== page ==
Daily Market Update – April 3, 2014 (9:15 AM)

This morning the only story was the press conference being given by the head of the European Central Bank, Mario Draghi. He is the counterpart of Janet Yellen and in the past when he has had something dovish to say his words had buoyed our markets.

A couple of years ago he was adamant about how the ECB would be an aggressive player and not allow the kind of fiscal crises within the EU that many of us thought might cascade through the EU as Greece and Spain and other stories were unfolding.

That was a day when our markets skyrocketed.

Not so today, at least not in the pre-open trading, which is as flat as markets can come, as the DJIA is knocking on the door to set its first new record of the year, having been left behind by the S&P 500.

As with most Thursdays my thoughts are predominantly on how to extricate and escape positions so that the coming week is one that has new opportunity.

If the goal is some combination of generating cash and growing assets it’s important to keep rolling over existing positions and having assignment of others. Thursdays and especially Fridays are the days when those things are hoped to happen.

Unfortunately, due to the low volatility the expirations aren’t as staggered as I would have liked them to be. The premiums for forward weeks are often so low that there is some risk with tying down assets for those time frames.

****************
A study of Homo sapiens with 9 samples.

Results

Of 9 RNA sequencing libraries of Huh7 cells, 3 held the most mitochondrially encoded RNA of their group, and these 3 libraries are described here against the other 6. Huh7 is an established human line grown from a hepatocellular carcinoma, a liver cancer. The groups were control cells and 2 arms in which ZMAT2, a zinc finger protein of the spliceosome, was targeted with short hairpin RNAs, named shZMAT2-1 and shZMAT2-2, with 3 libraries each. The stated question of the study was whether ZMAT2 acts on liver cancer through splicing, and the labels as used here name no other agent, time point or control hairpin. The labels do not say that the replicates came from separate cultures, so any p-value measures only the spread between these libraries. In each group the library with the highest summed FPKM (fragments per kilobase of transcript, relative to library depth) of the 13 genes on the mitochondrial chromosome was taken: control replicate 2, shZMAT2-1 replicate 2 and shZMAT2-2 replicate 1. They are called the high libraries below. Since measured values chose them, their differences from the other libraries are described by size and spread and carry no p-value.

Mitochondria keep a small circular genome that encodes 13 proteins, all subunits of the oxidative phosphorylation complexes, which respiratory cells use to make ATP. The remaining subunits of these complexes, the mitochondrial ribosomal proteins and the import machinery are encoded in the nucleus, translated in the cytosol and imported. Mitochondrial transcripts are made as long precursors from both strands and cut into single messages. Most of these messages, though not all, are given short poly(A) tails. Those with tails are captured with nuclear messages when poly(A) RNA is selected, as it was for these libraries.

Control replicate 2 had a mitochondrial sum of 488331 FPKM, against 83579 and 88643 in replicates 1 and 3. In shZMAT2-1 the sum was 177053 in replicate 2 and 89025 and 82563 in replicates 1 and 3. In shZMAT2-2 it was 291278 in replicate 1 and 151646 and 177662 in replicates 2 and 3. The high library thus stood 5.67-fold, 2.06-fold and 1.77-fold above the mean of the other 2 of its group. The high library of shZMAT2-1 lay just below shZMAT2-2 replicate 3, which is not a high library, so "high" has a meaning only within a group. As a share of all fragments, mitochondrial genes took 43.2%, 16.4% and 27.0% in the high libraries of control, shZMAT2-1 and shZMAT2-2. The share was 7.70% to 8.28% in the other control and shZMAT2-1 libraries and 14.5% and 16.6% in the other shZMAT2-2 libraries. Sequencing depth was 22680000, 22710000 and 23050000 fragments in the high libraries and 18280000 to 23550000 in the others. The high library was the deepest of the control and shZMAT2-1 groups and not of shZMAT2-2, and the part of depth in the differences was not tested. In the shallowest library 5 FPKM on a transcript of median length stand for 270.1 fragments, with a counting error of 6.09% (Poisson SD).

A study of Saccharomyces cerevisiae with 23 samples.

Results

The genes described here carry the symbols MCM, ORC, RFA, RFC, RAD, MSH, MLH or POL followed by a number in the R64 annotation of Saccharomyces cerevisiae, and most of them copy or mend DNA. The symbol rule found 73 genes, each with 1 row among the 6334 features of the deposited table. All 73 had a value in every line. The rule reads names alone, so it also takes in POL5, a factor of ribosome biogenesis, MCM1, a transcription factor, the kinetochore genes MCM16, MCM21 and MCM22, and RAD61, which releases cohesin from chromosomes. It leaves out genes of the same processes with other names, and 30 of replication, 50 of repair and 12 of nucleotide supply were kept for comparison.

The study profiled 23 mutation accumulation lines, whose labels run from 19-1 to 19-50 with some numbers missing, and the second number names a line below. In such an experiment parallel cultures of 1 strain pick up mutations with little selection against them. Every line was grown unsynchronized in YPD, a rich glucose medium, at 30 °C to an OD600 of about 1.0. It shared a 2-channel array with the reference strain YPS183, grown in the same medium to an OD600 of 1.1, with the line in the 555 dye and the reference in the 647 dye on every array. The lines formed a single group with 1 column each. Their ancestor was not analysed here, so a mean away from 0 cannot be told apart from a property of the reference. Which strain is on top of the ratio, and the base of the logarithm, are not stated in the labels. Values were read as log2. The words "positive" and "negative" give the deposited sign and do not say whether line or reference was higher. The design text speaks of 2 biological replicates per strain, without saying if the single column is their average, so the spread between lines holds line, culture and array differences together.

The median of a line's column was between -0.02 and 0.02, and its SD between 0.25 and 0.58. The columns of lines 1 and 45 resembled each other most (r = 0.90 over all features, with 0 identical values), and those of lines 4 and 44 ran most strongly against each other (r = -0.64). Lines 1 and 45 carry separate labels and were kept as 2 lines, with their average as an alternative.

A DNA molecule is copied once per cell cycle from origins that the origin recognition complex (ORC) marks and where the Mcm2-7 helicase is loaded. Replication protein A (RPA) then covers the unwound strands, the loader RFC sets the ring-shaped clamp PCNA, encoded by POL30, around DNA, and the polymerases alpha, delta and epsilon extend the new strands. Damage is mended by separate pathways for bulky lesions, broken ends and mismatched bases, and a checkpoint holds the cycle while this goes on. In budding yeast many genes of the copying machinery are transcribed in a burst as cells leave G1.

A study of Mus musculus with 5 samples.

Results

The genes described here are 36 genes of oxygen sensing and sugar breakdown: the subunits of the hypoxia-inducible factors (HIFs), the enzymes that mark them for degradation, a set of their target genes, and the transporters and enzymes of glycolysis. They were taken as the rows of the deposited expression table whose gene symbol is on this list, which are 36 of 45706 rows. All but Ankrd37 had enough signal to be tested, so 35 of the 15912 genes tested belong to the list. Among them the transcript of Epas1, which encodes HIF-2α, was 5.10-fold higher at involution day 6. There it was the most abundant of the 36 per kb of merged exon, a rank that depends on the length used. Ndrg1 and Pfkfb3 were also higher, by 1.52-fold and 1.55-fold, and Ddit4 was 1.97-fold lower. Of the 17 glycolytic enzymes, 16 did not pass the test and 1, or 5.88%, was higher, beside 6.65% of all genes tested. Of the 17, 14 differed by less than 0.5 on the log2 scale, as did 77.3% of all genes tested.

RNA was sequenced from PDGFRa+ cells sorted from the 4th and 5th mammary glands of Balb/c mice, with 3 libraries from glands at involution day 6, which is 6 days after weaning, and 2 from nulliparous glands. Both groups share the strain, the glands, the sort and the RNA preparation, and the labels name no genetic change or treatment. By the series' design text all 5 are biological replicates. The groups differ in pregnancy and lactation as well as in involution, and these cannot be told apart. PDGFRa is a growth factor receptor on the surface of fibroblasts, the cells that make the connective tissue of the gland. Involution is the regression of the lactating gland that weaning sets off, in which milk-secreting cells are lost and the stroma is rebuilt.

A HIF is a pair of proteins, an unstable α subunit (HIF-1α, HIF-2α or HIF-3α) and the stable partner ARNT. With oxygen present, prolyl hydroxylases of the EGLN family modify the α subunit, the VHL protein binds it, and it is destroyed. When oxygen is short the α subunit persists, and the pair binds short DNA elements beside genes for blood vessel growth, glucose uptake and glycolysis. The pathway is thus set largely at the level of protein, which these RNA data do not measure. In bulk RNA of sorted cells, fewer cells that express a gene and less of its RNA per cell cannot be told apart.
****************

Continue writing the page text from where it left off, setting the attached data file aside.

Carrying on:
Instead, this week, for example, feels more like a monthly cycle ending week, while the actual cycle ending week has only two positions currently set to expire.

Even though I’ve started each of the past few weeks looking to diversify more on the basis of time that hasn’t always been the case in practice as some of those low forward week premiums have done a good job of sending me elsewhere.

With tomorrow’s Employment Situation Report at hand, the unveiling of news is always a risk factor to keep in mind. That’s even though that particular report has found itself to have a strong association with an advancing market, but you just can’t take anything for granted.

Where possible, I’ll try to look for rollover opportunities today, although I tend not to do too many on Thursdays, with last week being an outlier kind of week.

The factor most involved is price, in that with forward week volatility being lower than current week volatility, it can be relatively expensive to close some option positions and therefore, relatively unrewarding to open new ones.

That balance usually changes as time value begins to run out the closer and closer we get to the closing bell on Friday.

With so many positions set to expire tomorrow it has the makings of a hectic day unless some of that load can be shifted to today.

All in all, these are good problems to have.

 

 

Note: If you haven’t seen it, I posted an article that looked at the rollover trade executed in Bristol Myers Squibb yesterday, dissecting out the rationale for having done so in an effort to retain the dividend.